Alopecia Areata - Topic Overview
How is alopecia areata diagnosed?
Alopecia areata is diagnosed through a medical history and physical examination. Your doctor will ask you questions about your hair loss, look at the pattern of your hair loss, and examine your scalp. And he or she may tug gently on a few hairs or pull some out.
If the reason for your hair loss is not clear, your doctor may do tests to check for a disease that could be causing your hair loss. Tests include:
Hair analysis. Your doctor will take a sample of your hair and examine it under a microscope. A scalp sample is also sometimes taken.
Blood tests, including testing for a specific condition, such as an overactive or underactive thyroid gland (hyperthyroidism or hypothyroidism).
How is it treated?
Because hair usually grows back within a year, you may decide not to treat alopecia areata.
If you choose not to treat the condition and wait for your hair to grow back, you may wish to:
- Wear hairpieces. Hairpieces are made from human or synthetic hair that is implanted into a nylon netting. Hairpieces may be attached to the scalp with glue, metal clips, or tape. But hair weaving, which involves sewing or braiding pieces of longer hair into existing hair, is not recommended because it may cause permanent hair loss.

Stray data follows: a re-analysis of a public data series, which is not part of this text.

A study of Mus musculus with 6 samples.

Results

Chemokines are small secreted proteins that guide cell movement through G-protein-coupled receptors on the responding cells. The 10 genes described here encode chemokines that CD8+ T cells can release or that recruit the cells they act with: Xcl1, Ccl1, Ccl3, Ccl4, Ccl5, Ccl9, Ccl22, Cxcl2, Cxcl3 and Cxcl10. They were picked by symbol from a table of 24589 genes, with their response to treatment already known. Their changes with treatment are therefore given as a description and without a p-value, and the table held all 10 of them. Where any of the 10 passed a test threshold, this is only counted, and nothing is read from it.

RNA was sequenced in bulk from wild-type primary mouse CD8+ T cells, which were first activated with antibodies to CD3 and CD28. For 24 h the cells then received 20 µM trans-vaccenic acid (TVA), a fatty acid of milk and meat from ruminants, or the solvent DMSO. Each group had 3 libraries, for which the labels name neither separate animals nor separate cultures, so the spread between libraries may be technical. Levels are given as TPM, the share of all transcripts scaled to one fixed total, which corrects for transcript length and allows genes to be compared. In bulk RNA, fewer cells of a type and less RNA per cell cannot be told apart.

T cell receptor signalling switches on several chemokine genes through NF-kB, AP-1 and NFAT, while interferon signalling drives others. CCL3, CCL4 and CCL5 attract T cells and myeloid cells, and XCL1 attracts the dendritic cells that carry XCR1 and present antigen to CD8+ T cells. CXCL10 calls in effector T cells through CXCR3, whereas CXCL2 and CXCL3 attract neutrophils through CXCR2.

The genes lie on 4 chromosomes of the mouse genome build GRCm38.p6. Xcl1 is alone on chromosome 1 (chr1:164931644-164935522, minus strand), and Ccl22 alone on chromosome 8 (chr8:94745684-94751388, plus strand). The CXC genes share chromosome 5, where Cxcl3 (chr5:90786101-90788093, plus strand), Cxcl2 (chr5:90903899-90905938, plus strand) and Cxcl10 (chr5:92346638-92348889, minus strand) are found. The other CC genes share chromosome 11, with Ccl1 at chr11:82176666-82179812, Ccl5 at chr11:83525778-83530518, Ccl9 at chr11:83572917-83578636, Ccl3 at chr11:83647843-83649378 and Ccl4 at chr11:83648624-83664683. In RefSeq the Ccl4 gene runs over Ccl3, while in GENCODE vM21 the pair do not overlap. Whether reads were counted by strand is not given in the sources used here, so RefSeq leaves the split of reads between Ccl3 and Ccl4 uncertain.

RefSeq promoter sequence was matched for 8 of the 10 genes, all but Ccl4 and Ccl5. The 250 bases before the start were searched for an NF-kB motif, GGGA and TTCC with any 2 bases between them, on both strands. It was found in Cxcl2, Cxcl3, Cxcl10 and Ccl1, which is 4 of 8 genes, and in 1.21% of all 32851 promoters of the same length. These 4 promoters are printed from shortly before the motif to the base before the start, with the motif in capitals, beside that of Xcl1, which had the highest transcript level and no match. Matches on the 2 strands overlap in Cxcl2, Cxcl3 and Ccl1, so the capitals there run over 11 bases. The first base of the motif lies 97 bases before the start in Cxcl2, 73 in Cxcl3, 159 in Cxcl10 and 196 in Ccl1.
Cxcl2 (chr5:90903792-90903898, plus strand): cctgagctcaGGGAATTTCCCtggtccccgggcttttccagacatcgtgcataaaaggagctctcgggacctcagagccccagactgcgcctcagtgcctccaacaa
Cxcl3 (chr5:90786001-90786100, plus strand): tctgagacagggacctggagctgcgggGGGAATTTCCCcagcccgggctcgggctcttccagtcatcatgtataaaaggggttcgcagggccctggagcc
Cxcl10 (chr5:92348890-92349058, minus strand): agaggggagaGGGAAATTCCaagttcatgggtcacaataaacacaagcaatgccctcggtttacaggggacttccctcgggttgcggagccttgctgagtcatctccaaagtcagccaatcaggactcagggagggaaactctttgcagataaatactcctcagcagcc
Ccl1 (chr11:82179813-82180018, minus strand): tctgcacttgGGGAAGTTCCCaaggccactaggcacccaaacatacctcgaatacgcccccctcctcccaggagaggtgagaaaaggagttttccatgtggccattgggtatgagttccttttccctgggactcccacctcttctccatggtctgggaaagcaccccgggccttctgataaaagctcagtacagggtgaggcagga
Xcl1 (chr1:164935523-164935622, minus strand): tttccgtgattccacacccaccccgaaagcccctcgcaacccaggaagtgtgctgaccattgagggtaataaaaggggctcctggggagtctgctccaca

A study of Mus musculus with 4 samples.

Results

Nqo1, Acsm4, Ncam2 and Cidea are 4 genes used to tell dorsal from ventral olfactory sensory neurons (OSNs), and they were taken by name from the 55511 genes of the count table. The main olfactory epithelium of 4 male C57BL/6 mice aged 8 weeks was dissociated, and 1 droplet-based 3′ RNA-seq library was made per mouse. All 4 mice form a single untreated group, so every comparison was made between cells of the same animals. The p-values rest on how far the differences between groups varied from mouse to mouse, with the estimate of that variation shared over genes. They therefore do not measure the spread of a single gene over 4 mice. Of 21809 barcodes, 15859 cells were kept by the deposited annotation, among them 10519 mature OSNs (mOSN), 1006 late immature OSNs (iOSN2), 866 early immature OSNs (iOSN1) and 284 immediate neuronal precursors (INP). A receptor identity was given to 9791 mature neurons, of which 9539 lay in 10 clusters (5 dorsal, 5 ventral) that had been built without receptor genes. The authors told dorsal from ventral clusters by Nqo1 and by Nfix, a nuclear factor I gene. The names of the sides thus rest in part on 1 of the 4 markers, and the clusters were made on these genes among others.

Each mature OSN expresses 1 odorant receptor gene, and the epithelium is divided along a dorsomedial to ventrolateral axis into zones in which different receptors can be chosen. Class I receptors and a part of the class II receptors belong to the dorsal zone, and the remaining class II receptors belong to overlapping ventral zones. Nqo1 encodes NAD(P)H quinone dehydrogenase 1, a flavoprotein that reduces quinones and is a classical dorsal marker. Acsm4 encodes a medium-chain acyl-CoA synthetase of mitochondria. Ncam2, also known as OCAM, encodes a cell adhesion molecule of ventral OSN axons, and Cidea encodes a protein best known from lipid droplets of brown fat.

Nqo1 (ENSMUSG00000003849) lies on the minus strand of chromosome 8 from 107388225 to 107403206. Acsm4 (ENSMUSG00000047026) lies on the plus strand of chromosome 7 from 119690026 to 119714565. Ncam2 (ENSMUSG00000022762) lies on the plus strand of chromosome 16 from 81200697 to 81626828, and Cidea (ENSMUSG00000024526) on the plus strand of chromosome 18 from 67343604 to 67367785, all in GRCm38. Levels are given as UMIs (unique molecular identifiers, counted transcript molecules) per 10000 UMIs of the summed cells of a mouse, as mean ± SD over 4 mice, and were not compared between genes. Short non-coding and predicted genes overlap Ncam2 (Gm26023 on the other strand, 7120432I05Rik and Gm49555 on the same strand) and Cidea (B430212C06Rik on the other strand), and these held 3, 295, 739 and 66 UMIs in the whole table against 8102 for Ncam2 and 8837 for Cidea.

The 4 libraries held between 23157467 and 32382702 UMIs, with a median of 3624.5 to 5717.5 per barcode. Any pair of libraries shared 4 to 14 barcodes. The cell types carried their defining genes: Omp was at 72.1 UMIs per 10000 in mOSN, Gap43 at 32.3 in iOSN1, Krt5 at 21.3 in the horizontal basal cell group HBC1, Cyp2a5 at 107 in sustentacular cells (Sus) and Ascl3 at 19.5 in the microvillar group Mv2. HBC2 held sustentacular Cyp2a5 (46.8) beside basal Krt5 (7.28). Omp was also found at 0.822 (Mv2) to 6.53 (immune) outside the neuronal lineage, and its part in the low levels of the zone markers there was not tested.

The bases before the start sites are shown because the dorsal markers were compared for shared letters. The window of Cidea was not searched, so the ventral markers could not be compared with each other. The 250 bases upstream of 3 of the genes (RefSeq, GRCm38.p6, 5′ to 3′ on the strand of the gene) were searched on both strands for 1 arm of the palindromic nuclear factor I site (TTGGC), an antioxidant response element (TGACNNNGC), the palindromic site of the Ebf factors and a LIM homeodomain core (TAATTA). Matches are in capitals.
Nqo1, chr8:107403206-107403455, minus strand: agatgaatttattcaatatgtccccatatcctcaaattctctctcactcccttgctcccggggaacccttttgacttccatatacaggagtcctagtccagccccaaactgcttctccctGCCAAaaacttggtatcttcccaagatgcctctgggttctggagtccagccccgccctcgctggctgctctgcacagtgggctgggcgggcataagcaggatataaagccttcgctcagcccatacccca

- Use certain hair care products and styling techniques. Hair care products or perms may make hair appear thicker. Dyes may be used to color the scalp. But continual use of perms or dyes may result in more hair loss.
The most common treatment for patchy hair loss is many injections of corticosteroids into the scalp, about 1 cm (0.4 in.) apart, every 4 to 6 weeks.
Children and some adults may be treated with topical corticosteroids that are applied to the affected skin.
Minoxidil (Rogaine) may be used along with topical corticosteroids.
Contact immunotherapy triggers an allergic reaction on the scalp that may help hair to grow. A medicine is "painted" on the scalp once a week. This irritates the skin and makes it red and scaly. Hair growth may appear within 3 months of beginning treatment. Side effects of contact immunotherapy include a severe rash (contact dermatitis) and swollen lymph nodes, especially in the neck.
Psoralen with ultraviolet A light (PUVA) therapy may also be used to treat alopecia areata. PUVA usually is reserved for people who have large areas of skin affected by the disorder or who cannot use other treatments. For PUVA, a medicine called a psoralen is used to make the skin more sensitive to ultraviolet A (UVA) light. Then the skin is exposed to UVA light.